Written by Tendai Marima
With every passing minute, 500 million cubic metres of roaring water rush over the edge, falling into a gorge more than 100 metres below. The sound is thundering, the sight spectacular.
Once again, the Victoria Falls – locally known as Mosi-oa-Tunya, which means “the smoke that thunders” – is at its peak, but only a few can witness this magnificent cascading waterfall straddling Zimbabwe and Zambia.
Now, hopes are high that a vaccine rollout could bring back much-needed tourism in the resort town – but for some holiday businesses, it might take more than just a COVID-19 shot to recoup the losses in a country that has been in the throes of a severe economic crisis.
Zimbabwe recorded its first coronavirus case a year ago, a resident of Victoria Falls. Although patient zero recovered, the country has registered more than 1,500 COVID-19-related deaths and nearly 37,000 infections since last March.
With a strict national lockdown enforced, tourist activities in the resort town, as in many other places across the country, were shut down for months on end. However, the advent of the country’s vaccination drive using Chinese jabs means that restrictions have since eased.
Launched on February 18, the first phase of the campaign targeted some 60,000 healthcare and other front-line workers. Of them, however, only 44,000 have been inoculated so far.
Last week, President Emmerson Mnangagwa took his first shot of the Sinovac vaccine to launch the second phase of the vaccination programme that is intended for the elderly, teachers, religious leaders, people with critical illnesses – and all adult residents of Victoria Falls, a city of some 110,000 people.
In a symbolic move aimed at promoting tourism recovery, Mnangagwa travelled to Victoria Falls to get his shot on Wednesday.
Since then, residents of the tourism-dependent town have been forming snaking queues outside public hospitals and clinics, waiting for their turn to get their first dose of the vaccine.
“I’m scared, but there’s no other way we can do this,” the 31-year-old told Al Jazeera. “In this town, people need to go back to work; others need to reopen their businesses and even for me, as time goes on, it will become impossible to serve my clients if I don’t get vaccinated,” she said.
“Once I get back to work I’ll start to meet people from all over the world so I need to take the vaccine to protect myself and my family.”
Vaccination is voluntary, but for some people, it is a requirement to return to work.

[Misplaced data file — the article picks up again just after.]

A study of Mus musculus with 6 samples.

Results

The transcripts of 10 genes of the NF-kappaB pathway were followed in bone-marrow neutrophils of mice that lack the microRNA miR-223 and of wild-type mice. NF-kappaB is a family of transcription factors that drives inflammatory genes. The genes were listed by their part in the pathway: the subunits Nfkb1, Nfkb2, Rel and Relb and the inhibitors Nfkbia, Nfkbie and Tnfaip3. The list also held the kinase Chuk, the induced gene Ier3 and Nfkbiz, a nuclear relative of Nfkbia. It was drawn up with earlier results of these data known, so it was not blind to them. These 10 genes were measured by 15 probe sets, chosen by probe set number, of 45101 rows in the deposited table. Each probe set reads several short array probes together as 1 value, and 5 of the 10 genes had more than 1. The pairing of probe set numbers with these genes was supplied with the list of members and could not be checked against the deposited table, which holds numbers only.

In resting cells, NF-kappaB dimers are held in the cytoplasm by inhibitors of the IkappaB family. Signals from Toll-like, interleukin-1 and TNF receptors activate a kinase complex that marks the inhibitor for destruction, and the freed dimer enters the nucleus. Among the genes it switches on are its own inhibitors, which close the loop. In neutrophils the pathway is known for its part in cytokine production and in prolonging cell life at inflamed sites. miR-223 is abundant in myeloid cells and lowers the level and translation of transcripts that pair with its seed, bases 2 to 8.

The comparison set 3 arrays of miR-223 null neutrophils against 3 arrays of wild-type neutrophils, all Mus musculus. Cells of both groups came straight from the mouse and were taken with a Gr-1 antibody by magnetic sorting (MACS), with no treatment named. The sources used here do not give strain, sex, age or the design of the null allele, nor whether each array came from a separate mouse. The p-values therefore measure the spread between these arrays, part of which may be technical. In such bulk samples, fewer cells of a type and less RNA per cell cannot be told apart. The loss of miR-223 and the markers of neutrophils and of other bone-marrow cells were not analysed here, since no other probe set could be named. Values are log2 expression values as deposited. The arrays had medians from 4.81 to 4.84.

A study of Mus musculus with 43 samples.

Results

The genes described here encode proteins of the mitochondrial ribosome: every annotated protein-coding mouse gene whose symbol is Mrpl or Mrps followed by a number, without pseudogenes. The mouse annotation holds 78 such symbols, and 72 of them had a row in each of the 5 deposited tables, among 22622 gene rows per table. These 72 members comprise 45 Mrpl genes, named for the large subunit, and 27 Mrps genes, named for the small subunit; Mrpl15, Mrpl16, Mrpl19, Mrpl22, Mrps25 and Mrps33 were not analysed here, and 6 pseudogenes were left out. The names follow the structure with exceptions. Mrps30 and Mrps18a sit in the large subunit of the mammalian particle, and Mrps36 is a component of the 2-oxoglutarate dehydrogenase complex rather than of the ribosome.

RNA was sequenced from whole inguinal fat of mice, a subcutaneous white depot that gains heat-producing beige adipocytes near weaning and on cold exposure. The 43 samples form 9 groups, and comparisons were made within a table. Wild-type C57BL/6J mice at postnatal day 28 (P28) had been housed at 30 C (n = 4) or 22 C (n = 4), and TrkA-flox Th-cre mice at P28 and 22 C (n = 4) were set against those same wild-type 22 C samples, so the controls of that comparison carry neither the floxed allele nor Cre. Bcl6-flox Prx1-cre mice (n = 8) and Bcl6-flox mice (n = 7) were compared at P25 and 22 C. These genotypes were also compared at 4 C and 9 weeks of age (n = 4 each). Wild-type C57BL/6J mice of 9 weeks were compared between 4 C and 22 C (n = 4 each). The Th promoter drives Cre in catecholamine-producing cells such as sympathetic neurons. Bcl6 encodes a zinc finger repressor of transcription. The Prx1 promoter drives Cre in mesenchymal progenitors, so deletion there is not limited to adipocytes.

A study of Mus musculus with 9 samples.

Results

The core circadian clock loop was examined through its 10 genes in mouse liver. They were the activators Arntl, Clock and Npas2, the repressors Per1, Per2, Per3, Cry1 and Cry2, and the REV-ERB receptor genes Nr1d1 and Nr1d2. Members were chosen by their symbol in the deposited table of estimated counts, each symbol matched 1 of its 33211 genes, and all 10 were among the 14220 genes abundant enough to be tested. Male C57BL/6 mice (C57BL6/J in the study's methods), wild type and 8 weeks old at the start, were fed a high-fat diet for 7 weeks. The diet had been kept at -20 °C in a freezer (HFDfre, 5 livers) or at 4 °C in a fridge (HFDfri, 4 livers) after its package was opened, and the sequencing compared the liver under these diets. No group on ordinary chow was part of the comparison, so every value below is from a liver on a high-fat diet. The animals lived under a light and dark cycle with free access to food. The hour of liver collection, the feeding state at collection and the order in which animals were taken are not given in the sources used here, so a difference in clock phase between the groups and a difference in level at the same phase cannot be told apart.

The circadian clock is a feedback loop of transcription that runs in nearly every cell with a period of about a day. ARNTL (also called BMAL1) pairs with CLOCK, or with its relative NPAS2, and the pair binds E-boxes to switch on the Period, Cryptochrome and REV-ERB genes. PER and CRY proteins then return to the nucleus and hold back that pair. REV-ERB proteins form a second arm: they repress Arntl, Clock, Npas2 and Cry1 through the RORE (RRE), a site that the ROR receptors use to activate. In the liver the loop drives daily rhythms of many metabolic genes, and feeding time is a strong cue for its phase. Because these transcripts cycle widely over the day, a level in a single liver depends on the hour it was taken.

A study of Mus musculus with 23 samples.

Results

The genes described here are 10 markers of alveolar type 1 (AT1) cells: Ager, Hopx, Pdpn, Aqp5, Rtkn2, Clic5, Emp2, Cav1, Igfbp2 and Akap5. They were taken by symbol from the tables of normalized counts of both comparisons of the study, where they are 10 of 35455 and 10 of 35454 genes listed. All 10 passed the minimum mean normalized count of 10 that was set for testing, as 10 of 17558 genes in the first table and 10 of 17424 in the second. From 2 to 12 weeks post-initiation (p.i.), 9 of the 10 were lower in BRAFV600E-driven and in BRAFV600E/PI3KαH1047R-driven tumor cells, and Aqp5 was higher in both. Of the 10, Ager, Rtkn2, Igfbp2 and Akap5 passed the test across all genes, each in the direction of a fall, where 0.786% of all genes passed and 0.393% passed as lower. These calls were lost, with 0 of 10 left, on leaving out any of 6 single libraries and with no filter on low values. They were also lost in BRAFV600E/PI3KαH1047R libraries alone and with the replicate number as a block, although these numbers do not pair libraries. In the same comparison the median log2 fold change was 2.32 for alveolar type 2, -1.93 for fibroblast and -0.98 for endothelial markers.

With the programme seemingly moving forward at full speed and international flights slowly resuming, Victoria Falls is preparing to welcome foreign visitors again – even as the land borders to Botswana and Zambia remain closed to public transport.
Elated, Lazarus Jamu, 48, a caretaker at a local hotel, said he felt freer after receiving his first injection.
“I’m happy; I got vaccinated so that I can be free in everything I do,” he told Al Jazeera. “I will be free to move around and to do my work because I’ll be fit, I won’t have that fear of getting corona[virus] any more.”
More than just a shot is needed
However, some have said Zimbabwe’s tourism and hospitality industry needs more than a vaccination drive to get back on track.
Earlier this month, the government announced a $5.8m scheme that will see the government provide a 50 percent loan guarantee for businesses in the tourism sector. The move met criticism by opposition figures, who described it as risky and cautioned that struggling taxpayers could be forced to foot the bill if the companies defaulted.
Others, however, said the loan facility should be extended to cover all businesses in hospitality.
“More players need to be able to access such facilities after one year of varied operations ranging from full closure to curfew and occupancy constrained trading,” said Bongai Zamchiya, head of the Restaurant Operators Association of Zimbabwe, stressing that many operators are in critical need of financial backing.
“As an industry, the support we seek is the same that has been seen around the world: from stimulus that increases aggregate demand, furlough that protects jobs and concessionary funding or tax breaks that will ensure business sustainability.”
Meanwhile, the pandemic has added another dimension to Zimbabwe’s economic crisis which has seen its local currency rapidly devaluing and the US dollar and South African rand operating as de facto currencies.
Intermittent shortages of cash and other basic commodities such as fuel have been constant indicators of a crippled economy whose dire state has been exacerbated by COVID-19, inflation and drought.
After the economy contracted by more than 7 percent in 2020, it is expected to rebound by 2.9 percent due to improved rainfall and falling inflation, according to the World Bank.
The government hopes to inoculate 60 percent of the country’s 14.8 million people in order to achieve herd immunity by the end of the year.
Back in Victoria Falls, Clive Chinwada, president of the Hospitality Association of Zimbabwe, said the resort town had been deeply scarred by the pandemic and the slump in global travel. He warned it would take time to see a significant change in foreign tourist arrivals and an increase in hotel occupancy rates.
“The situation is quite bad and will likely be so for quite some time as recovery is now likely to only start in 2022 for international travel,” he said.